People walk past a board with the logo of Bitcoin in a street in Yerevan, Armenia September 9, 2019.
Anton Vaganov | Reuters
This has been a tough week for bitcoin.
The world’s first and largest cryptocurrency plunged more than 20% over seven days, hitting a low of $7,757 Friday — its lowest level since June. Bitcoin futures meanwhile, were on pace for their worst week of the year.
The cryptocurrency — known for its volatility — had been relatively stable since August, trading in the $10,000 range until this week. The sharp drop below $8,000 began Monday, and continued to sell off throughout the trading week. Other major cyrpotcurrencies ether and XRP are down 24 and 19% for the week, respectively.
As is often the case in cryptocurrency markets, analysts were unable to point to one specific catalyst for the price drop.
One theory investors pointed to was a lackluster debut of a new bitcoin futures product. On Sunday, the Intercontinental Exchange, parent company of the New York Stock Exchange, launched its futures contracts on a platform called Bakkt as a way to usher in new bitcoin investors who may have been cautious about trading on exchanges.
Michael Moro, CEO of Genesis Trading, said there was a “sell the news” effect after the Bakkt launch — especially after what was “perceived as a low-volume launch,” he said.
“Anticipation for Bakkt was really high in Asia, and fairly or unfairly, the launch was counted on as a positive price catalyst,” Moro said.
Moro said low demand for a new product is normal. But disappointed bitcoin investors sold, and set off a cascade of liquidation.
Brian Kelly, CEO of BKCM, said that selling was exacerbated by a key $9,000 technical level being broken on Monday. The next level investors are watching is $7,500 — the price at which Kelly said mining bitcoin becomes unprofitable. The bitcoin “mining” process uses high computing power to compete and solve a complex math equation. The winning miner gets bitcoin as a reward for successfully completing the equation.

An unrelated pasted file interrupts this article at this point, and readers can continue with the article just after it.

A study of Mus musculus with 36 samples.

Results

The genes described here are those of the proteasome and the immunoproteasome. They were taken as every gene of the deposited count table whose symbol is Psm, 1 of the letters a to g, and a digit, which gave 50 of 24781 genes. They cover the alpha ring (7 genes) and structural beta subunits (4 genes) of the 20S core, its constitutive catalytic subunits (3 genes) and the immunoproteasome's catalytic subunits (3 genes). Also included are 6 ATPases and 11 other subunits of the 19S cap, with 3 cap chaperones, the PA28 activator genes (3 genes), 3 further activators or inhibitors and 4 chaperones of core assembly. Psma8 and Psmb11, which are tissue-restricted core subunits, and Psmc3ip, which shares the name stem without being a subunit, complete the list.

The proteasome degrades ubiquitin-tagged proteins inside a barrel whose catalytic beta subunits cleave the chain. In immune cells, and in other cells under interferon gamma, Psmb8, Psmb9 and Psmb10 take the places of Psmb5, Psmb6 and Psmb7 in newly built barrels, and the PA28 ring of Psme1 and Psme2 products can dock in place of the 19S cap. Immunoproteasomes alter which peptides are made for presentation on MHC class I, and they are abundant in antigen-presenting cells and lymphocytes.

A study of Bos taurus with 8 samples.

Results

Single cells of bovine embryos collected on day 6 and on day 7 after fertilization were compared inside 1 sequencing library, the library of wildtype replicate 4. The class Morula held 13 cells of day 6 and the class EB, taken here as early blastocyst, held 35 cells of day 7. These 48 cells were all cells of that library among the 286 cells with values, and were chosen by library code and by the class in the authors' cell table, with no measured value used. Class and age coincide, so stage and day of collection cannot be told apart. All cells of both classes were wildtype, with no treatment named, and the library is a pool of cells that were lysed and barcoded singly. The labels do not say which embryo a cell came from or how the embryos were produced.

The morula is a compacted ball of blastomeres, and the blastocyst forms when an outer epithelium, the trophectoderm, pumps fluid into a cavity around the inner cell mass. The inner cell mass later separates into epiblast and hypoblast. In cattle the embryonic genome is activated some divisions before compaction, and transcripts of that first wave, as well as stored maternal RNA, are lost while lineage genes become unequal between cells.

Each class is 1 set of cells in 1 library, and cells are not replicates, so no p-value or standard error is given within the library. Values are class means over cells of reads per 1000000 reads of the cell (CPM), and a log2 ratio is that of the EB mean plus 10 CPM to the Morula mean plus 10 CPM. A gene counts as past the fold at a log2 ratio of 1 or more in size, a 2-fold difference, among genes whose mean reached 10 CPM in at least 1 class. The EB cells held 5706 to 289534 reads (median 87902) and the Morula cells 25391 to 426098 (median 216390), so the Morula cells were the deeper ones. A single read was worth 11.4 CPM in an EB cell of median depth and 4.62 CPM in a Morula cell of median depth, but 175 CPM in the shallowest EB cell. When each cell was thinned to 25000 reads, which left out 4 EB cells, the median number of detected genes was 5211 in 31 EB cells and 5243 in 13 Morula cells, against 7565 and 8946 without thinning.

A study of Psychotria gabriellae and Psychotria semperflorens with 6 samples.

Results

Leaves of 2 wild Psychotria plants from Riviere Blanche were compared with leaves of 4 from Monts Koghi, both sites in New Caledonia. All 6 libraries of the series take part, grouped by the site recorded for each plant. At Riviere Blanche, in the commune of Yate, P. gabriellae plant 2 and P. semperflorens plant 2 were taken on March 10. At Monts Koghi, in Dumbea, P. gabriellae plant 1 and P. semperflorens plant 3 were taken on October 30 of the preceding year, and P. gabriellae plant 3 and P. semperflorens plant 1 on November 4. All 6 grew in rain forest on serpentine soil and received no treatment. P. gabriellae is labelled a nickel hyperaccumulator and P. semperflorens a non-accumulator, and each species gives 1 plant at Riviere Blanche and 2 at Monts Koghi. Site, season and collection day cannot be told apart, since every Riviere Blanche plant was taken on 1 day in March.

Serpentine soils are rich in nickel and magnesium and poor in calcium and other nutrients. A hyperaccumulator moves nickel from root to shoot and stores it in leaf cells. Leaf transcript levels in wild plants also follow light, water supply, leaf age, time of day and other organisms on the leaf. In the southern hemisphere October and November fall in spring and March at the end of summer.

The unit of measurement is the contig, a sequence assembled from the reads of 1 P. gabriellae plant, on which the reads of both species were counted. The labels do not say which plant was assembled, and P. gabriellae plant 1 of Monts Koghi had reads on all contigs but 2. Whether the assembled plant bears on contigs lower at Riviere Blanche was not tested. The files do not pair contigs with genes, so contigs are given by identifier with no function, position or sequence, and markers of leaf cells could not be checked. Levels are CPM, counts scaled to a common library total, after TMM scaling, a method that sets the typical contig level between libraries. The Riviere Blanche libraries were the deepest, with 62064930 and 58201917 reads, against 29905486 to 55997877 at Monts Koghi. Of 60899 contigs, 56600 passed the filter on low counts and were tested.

Jeff Dorman, chief investment officer at Los Angeles-based digital asset manager Arca, said none of the explanations this week really add up, and he “can’t remember a time when a crypto price move has made less sense.”
“While no one has perfect clarity ahead of big moves, and fast and violent price moves are often unpredictable, it has historically been possible at least to rationalize large moves after the fact,” he said. “But three days after this decline started, there still haven’t been any valid explanations.”
Dorman said the best explanation was investors selling on a rumor about a decline in hash rates, which is a measure of how fast bitcoin miners can solve equations, as well as the “disappointing” launch for Bakkt. The selling was made worse by stop loss liquidations, where people automatically sell when bitcoin hits a certain level.
“The continuation of the selling pressure may be based on confusion, as the market tries to regain equilibrium even though neither buyers or sellers really understand why we’re here in the first place,” Dorman said.
Still, bitcoin has roughly doubled since the beginning of the year. Prices got a boost this summer after Facebook announced its own planned libra cryptocurrency, which analyst said brought more legitimacy to the space. Bitcoin is nowhere near its all-time seen near $20,000 in December 2017.